HAVING been desperately over-exposed on social media since before the term existed, I’m reasonably resistant to jumping on the latest bandwagon.
I don’t enjoy giving another company piles of information about myself to be commodified and sold to unknown agents, which may not wish me well at all.
But last week Snapchat overtook Twitter for daily users (meaning people actually using it as opposed to creating an account, hating it, and never darkening its door again, which is the response of sane human beings to many of these networks).
While I’ll vigorously defend myself from slanderous accusations of being a social media expert (I’ll grudgingly accept my expertise, but refute the guilt by association), this was too big a threshold to ignore.
So I downloaded the app, fed in enough personal information to allow for identity theft and, as is the way of these things, stared into the void.
Social networks only work when you make connections.
The next step is to dob in every human who’s been foolish enough to make contact with you in the past.
This leads to angry accusations from family and friends asking why you’re trying to sign them up to another bloody personal information aggregator.
One of these is a good friend who is a fellow communication professional.
“What the hell are you? A 14-year-old girl?” he sneered.
“Snapchat’s overtaken Twitter for daily users,” I replied.
Ten minutes later he was sending me pictures on Snapchat. We’ve taken to drawing penises on pictures, but thankfully so far refrained from taking pictures of such things.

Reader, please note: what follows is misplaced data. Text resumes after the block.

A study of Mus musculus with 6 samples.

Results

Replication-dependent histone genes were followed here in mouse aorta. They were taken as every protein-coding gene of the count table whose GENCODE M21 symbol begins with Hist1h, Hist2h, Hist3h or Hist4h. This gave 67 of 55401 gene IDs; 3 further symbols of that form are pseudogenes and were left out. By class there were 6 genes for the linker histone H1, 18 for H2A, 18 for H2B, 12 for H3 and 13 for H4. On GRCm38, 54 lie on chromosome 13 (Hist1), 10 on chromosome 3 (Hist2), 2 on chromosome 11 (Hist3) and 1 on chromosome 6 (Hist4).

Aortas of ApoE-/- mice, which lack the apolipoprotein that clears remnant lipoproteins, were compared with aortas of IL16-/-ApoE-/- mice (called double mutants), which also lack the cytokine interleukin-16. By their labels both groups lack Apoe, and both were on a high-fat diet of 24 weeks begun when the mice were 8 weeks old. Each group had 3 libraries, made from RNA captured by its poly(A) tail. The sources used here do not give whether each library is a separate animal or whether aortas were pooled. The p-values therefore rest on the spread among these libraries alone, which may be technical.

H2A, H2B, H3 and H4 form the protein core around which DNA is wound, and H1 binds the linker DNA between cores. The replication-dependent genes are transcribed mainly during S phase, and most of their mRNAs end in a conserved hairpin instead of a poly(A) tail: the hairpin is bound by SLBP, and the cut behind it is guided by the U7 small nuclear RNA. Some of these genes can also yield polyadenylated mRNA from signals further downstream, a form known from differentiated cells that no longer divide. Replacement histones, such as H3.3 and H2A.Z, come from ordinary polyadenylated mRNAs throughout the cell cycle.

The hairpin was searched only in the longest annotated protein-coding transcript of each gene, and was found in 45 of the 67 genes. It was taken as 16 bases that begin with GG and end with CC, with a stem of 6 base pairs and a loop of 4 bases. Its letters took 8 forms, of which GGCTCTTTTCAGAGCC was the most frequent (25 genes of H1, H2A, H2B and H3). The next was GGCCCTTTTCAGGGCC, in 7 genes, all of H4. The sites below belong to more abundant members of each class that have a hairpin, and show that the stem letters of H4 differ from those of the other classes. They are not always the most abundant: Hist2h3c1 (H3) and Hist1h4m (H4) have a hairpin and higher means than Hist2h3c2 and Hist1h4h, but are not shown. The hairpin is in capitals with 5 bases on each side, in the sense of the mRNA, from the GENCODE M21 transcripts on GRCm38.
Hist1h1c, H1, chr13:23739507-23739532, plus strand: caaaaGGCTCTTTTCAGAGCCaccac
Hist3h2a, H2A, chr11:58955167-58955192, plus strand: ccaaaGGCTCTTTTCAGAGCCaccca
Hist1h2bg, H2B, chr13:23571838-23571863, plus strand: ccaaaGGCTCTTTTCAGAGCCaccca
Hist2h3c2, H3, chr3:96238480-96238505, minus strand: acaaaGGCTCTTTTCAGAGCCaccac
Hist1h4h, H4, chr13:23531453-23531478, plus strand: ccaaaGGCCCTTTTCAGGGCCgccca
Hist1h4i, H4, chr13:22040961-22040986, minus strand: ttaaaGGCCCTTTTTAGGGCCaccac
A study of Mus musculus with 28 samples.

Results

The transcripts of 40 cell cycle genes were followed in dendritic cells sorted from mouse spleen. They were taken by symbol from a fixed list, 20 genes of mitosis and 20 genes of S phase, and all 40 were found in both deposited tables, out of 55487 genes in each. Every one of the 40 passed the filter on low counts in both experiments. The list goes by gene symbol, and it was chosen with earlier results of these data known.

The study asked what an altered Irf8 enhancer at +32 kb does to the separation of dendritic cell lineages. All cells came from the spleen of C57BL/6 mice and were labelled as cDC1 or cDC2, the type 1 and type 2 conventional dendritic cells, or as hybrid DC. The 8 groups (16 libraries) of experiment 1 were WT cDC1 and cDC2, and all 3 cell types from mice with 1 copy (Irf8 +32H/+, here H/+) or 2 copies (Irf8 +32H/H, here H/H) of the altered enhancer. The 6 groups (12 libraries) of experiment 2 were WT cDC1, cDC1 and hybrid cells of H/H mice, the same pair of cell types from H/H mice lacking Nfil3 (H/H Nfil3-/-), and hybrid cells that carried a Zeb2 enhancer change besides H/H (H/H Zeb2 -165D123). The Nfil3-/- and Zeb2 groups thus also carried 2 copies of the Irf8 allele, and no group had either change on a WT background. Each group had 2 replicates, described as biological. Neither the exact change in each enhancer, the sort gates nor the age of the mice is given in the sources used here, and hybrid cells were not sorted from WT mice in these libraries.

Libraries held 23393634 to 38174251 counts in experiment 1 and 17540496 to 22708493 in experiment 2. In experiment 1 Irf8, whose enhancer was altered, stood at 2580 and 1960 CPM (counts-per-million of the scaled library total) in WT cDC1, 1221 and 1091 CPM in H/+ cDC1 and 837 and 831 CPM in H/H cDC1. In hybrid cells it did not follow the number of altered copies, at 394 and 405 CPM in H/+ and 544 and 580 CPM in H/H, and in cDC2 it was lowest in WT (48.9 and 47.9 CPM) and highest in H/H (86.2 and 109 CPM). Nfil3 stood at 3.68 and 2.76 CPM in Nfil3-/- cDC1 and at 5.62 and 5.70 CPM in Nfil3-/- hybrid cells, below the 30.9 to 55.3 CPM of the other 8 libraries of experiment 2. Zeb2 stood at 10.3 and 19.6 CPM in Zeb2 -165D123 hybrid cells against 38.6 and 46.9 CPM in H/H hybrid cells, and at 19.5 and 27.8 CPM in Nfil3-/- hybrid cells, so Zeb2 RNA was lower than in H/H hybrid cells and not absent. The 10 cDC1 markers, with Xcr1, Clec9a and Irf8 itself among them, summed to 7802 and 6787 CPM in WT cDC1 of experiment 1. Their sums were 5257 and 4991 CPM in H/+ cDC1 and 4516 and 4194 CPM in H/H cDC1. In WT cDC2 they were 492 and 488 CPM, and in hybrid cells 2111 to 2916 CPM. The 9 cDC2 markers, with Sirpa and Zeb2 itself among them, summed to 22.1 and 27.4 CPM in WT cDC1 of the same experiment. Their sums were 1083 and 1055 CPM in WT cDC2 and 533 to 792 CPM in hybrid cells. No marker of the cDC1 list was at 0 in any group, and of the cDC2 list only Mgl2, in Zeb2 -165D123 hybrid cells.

So what is it? At the heart of it, you can take pictures and easily add some real fun editing them, then send them to specific people or all your contacts and, after two three-second viewings, they delete themselves.
Of course there are always numerous ways of circumventing the deletions, but it does at least offer some peace of mind that a one-time friend won’t use an image against you years in the future.
A problem for Facebook is that young people don’t want their parents seeing everything they do, and a problem for Twitter is that only a few sociopaths want the whole world seeing everything they do. Snapchat allows for a sense of discretion and control, while still creating a sense of sharing.
It will never get the fawning media coverage of Twitter because, unlike Twitter, a watching media aren’t able to monitor it and re-use the content (which is a plus for the users).
Having been on Snapchat for a week I’m now attuned to the large number of people around me who are using it.
It’s silly, it’s fun, it feels safe, it makes expression and creativity simple and effective.
It’s not going to directly change political discourse and its appeal is that it’s very hard for campaign managers and marketers to get to you.
Making sense of it all is going to give government spooks conniptions. What does that panda face morph selfy with a dick drawn on it mean about the sender’s feelings towards the government?
But, at an unconscious level, that might well be all the appeal it needs.
(At the time of writing I’ve received no naked selfies. I’m okay with that. Seriously, don’t send me that stuff.)